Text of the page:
The Ultimate Fighting Championship was in Nashville, Tennessee, on Saturday for the first time in nearly two years, with the event headlined by a scrap between former lightweight champion Anthony Pettis and perennial welterweight contender Stephen Thompson.
While many people gave “Showtime” credit for moving up to 170 pounds to challenge “Wonderboy” at UFC Fight Night 148, few predicted his scoring an upset in his welterweight debut. Indeed, 20 of Sherdog’s 21 staff members picked against him, the conventional wisdom being that Thompson would be too big, too strong and too durable for the Milwaukee native. Pettis evidently did not get the memo, as he earned a spectacular Superman punch knockout in the second round, conceivably vaulting himself into the Top 5 at welterweight.
As usual, The Vanquished focuses on the main card losers, weighing in on their performances and assessing who they should be matched with next.
Stephen Thompson vs. Robbie Lawler: Heading into the main event, Thompson was the biggest betting favorite on the card, with many predicting he would breeze past Pettis before mounting another title campaign against newly installed champion Kamaru Usman. While “Wonderboy” found early success in controlling Pettis at range and bloodying him up with straight punches, “Showtime” only needed one opportunity to reverse the momentum, ending Thompson’s night and catapulting the karateka into uncharted territory with two consecutive losses. Thompson has only secured a victory in one of the last five bouts, and at 36 years old, it is possible that his days as a title contender are behind him. As for who he should fight next, a bout with a former champion in Lawler is a fun stylistic matchup and one in which Thompson has recently expressed interest. “Ruthless” last fought at UFC 235 on March 2, when he suffered a controversial submission loss to Ben Askren.
Justin Willis vs. Ben Rothwell: Willis had an opportunity to emerge as a heavyweight contender in the co-headliner, as he put his undefeated UFC record on the line against Top 5-ranked Curtis Blaydes. Though “Big Pretty” talked a big game in the buildup and taunted Blaydes for his lack of charisma and “boring” fighting style, he offered little when the two met in the cage and was thoroughly dominated over the course of three rounds. Blaydes managed to take down Willis at will and even scored a knockdown early in the second round, winning a lopsided unanimous decision and likely putting himself within striking distance of a heavyweight title shot. Willis on the other hand will need to do some rebuilding, and a bout opposite Rothwell, who returned from a two-year United States Anti-Doping Agency suspension at UFC Fight Night 147, makes sense.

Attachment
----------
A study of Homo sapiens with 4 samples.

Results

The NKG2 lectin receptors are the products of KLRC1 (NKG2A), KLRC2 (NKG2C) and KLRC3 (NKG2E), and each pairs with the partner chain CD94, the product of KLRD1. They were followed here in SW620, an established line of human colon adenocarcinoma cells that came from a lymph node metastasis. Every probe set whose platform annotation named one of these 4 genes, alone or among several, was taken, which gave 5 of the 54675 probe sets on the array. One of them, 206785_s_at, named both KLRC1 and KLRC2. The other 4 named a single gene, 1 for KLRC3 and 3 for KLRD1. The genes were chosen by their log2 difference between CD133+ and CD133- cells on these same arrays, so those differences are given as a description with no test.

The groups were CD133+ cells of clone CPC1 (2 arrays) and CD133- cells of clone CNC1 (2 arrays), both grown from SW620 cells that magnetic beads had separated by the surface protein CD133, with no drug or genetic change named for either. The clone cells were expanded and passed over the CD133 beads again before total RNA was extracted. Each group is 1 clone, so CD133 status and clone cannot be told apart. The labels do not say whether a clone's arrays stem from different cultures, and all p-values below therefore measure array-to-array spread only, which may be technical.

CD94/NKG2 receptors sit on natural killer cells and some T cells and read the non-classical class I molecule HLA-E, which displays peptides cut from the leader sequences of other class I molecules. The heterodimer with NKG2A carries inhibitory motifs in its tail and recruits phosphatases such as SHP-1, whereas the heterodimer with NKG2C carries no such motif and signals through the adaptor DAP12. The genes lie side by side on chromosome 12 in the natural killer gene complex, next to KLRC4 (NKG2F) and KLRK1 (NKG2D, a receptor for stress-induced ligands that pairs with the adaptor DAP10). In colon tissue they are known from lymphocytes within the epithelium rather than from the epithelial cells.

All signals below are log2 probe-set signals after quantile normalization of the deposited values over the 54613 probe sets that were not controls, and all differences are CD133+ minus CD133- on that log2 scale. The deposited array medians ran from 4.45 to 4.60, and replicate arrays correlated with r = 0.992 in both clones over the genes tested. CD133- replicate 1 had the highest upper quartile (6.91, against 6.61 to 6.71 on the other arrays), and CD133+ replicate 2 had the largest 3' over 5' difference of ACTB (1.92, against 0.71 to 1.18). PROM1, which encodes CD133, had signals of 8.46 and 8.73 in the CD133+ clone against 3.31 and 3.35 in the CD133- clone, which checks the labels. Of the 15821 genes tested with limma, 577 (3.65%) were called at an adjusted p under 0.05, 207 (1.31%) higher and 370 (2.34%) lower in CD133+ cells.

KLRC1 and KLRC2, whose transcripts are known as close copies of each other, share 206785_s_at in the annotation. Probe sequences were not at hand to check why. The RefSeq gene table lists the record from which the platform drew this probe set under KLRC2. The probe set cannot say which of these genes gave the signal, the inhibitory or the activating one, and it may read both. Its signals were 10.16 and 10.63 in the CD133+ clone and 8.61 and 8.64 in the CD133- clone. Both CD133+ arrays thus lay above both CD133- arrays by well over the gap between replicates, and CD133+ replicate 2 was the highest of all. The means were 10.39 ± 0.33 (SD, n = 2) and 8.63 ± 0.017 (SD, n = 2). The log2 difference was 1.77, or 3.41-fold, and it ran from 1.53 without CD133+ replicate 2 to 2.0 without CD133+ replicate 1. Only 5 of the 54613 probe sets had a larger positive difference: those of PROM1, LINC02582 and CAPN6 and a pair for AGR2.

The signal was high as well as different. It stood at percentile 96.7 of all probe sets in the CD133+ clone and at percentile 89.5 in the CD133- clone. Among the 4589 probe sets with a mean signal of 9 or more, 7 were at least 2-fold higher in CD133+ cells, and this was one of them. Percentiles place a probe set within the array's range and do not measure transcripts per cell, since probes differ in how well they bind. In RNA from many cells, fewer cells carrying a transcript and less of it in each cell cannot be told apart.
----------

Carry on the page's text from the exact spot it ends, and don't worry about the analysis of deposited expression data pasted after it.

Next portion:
Jesus Pinedo vs. Rafael Fiziev: Pinedo’s stock took considerable damage, with the Peruvian losing three tedious rounds to veteran John Makdessi in their lightweight feature. Throughout the match, Pinedo seemed unwilling to engage, and a hostile crowd rained boos on the two lightweights at multiple junctures. At 22 years old, Pinedo has plenty of time to right the ship, but given the UFC’s entertainment-centric approach to its product, he will likely find himself on the prelims for the foreseeable future. A bout with Fiziev, who was signed by the UFC earlier this year but has yet to be booked for his debut, would be a good start.
Deiveson Figueiredo vs. Ray Borg-Kyler Phillips winner: Figueiredo lost his undefeated record, conceding a gutsy unanimous decision to fellow Brazilian Jussier da Silva, who is expected to rematch Joseph Benavidez in a title eliminator. At 31 years old and in a relatively thin division, Figueiredo’s misstep is unlikely to cost him too dearly if he can get back in the win column in his next outing. He should next face off with the winner of Borg-Phillips, scheduled for March 30 in Philadelphia.
Steven Peterson vs. Bobby Moffett: Peterson found himself in an unenviable position, facing off against Luis Pena after “Violent Bob Ross” blew the featherweight limit by over two pounds at weigh-ins. Pena ultimately got the nod from the judges after a back-and-forth fight, but given he that he was fighting at a deficit, Peterson should not be penalized too harshly. A matchup with Moffett -- he earned “Fight of the Night” honors in a decision loss to Bryce Mitchell on the undercard -- sounds appealing.
J.J. Aldrich vs. Nadia Kassem: Aldrich’s three-fight winning streak was snapped, as her return to the flyweight division was spoiled by 20-year old Maycee Barber. “The Future” looked to be behind on the scorecards after one round but found a target for her elbows and punches midway through the second and pulled out a technical knockout victory. What’s next for Aldrich? A matchup with Kassem, who lost to Montana De La Rosa in her native Australia at UFC 234, would make for entertaining viewing.